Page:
Lack of clarity over future legitimacy and plans to levy hefty taxes threaten to clip the wings of jittery cryptocurrency investors. Freny Patel reports

Among many things, the ongoing Russia-Ukraine war has put the spotlight on cryptocurrency. It is gaining global acceptance based on the sheer volume of donations flooding into war-torn Ukraine in the form of cryptocurrency, largely to finance military support. The virtual digital asset class is no longer seen as a shady “black-market” transaction owing to reliance upon it in this geopolitical and humanitarian crisis.

Despite concerns raised by a few central banks that cryptocurrency could be used by Russia to evade economic sanctions imposed by the US and the EU, many crypto exchanges across the world have strictly adhered to the economic sanctions and blocked many Russian accounts. This to an extent dismisses the industry perception that cryptocurrency is “politically neutral”.

Back at home, the Indian government is mulling over whether cryptocurrency needs to be regulated, but this is for different reasons, none of which have anything to do with the ongoing conflict in Eastern Europe. After all, India has abstained from voting against Russia in the UN.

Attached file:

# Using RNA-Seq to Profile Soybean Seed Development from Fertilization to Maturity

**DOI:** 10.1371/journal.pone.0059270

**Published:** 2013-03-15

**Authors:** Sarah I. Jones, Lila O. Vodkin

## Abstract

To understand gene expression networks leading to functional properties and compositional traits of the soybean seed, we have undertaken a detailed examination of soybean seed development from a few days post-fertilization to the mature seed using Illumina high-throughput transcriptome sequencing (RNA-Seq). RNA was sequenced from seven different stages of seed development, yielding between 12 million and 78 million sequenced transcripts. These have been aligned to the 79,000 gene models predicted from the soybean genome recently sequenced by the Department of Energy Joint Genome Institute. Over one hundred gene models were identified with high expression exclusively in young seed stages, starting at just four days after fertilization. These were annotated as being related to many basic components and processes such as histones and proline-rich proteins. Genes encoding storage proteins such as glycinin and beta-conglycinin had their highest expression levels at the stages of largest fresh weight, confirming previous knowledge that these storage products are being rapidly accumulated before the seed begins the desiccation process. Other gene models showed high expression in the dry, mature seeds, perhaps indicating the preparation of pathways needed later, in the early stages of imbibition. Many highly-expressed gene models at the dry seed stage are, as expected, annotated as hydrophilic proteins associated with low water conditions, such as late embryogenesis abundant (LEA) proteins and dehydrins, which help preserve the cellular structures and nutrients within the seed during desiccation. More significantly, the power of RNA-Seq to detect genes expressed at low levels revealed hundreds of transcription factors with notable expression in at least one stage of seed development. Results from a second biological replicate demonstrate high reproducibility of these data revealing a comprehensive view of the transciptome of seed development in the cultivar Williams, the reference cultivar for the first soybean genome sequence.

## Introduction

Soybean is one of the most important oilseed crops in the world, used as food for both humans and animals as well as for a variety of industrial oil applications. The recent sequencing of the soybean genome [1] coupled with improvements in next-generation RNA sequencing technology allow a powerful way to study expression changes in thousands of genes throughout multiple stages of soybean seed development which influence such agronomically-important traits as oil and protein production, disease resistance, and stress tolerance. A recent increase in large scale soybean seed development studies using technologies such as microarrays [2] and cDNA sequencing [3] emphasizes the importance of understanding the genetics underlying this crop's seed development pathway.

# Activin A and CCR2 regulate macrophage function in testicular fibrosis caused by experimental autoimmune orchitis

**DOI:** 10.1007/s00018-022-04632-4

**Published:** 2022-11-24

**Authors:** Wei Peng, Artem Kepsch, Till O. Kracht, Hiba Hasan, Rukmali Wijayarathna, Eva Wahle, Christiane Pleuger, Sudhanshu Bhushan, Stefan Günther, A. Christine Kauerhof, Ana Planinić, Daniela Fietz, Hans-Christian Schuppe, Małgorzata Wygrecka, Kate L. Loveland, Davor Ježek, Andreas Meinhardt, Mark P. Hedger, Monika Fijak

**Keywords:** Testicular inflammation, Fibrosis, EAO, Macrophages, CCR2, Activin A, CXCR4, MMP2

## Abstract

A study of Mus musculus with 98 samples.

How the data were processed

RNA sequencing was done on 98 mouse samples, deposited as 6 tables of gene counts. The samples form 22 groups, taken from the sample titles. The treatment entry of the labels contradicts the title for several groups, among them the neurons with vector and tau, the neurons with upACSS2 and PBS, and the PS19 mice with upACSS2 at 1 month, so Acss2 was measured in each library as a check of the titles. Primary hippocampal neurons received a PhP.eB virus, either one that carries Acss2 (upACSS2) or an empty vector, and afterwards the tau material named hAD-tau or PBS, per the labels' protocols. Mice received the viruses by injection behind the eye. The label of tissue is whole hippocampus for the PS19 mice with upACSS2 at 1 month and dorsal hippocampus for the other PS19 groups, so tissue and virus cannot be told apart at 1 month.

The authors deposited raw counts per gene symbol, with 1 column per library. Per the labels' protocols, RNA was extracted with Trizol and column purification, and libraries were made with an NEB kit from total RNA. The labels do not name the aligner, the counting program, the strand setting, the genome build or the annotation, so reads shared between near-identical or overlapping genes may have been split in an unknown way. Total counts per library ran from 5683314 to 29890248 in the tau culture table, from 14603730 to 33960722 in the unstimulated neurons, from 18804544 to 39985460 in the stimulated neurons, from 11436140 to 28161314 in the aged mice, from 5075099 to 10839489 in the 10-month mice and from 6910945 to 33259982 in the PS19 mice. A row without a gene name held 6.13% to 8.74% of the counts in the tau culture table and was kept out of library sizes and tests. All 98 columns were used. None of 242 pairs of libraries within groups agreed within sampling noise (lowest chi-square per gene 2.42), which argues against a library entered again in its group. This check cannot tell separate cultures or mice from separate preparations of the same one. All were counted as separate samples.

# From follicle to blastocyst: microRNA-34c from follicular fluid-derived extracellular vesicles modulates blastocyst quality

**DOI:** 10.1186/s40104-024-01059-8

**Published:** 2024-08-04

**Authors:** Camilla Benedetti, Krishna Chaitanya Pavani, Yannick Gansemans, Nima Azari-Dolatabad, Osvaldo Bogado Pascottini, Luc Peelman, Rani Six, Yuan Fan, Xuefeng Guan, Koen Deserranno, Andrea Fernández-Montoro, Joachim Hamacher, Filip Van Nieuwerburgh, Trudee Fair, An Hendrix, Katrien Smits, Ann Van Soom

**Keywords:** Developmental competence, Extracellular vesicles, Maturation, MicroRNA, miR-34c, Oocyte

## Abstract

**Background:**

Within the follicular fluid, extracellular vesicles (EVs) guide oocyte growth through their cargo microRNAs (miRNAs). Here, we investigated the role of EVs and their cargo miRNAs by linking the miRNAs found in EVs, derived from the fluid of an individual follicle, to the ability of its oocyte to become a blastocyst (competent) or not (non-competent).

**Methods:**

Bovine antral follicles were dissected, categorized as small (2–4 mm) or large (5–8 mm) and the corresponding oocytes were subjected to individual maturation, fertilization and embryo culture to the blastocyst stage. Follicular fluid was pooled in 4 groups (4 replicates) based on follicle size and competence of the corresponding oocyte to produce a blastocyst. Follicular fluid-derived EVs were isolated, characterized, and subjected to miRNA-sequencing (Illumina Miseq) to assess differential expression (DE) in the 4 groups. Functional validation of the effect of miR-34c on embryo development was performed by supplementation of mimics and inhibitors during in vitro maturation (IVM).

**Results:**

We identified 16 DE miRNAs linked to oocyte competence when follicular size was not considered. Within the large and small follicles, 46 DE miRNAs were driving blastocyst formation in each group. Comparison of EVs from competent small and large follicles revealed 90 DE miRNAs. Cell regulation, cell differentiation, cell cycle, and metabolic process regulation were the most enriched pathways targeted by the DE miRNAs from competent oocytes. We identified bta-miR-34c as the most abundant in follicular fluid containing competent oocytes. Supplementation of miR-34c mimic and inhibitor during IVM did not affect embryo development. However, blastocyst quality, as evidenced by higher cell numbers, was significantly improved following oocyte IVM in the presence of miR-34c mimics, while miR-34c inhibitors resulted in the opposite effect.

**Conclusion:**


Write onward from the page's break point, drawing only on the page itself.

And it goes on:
There has been a lot of speculation on whether the Cryptocurrency and Regulation of Official Digital Currency Bill would ban cryptocurrency. And if the government chose not to impose a ban, then the next question was how cryptocurrency would be defined. Given the apprehensions publicly voiced by the Reserve Bank of India, cryptocurrency is unlikely to be considered a currency or a financial asset. At best, it may be defined as an electronic code with no intrinsic value, according to the central bank general manager, Anuj Ranjan.

Since 2013, the central bank’s stance has remained unchanged, having issued several advisories to banks urging caution, questioning the financial stability of cryptocurrency, and warning that the volatility of the assets could see investors making huge losses.

Subhash-Chandra-Garg-,-The-cryptic-questionSubhash Chandra Garg, a former secretary of the Department of Economic Affairs within the Ministry of Finance, does not expect the government to pass any cryptocurrency bill. “It is simple as well as complex,” he tells India Business Law Journal.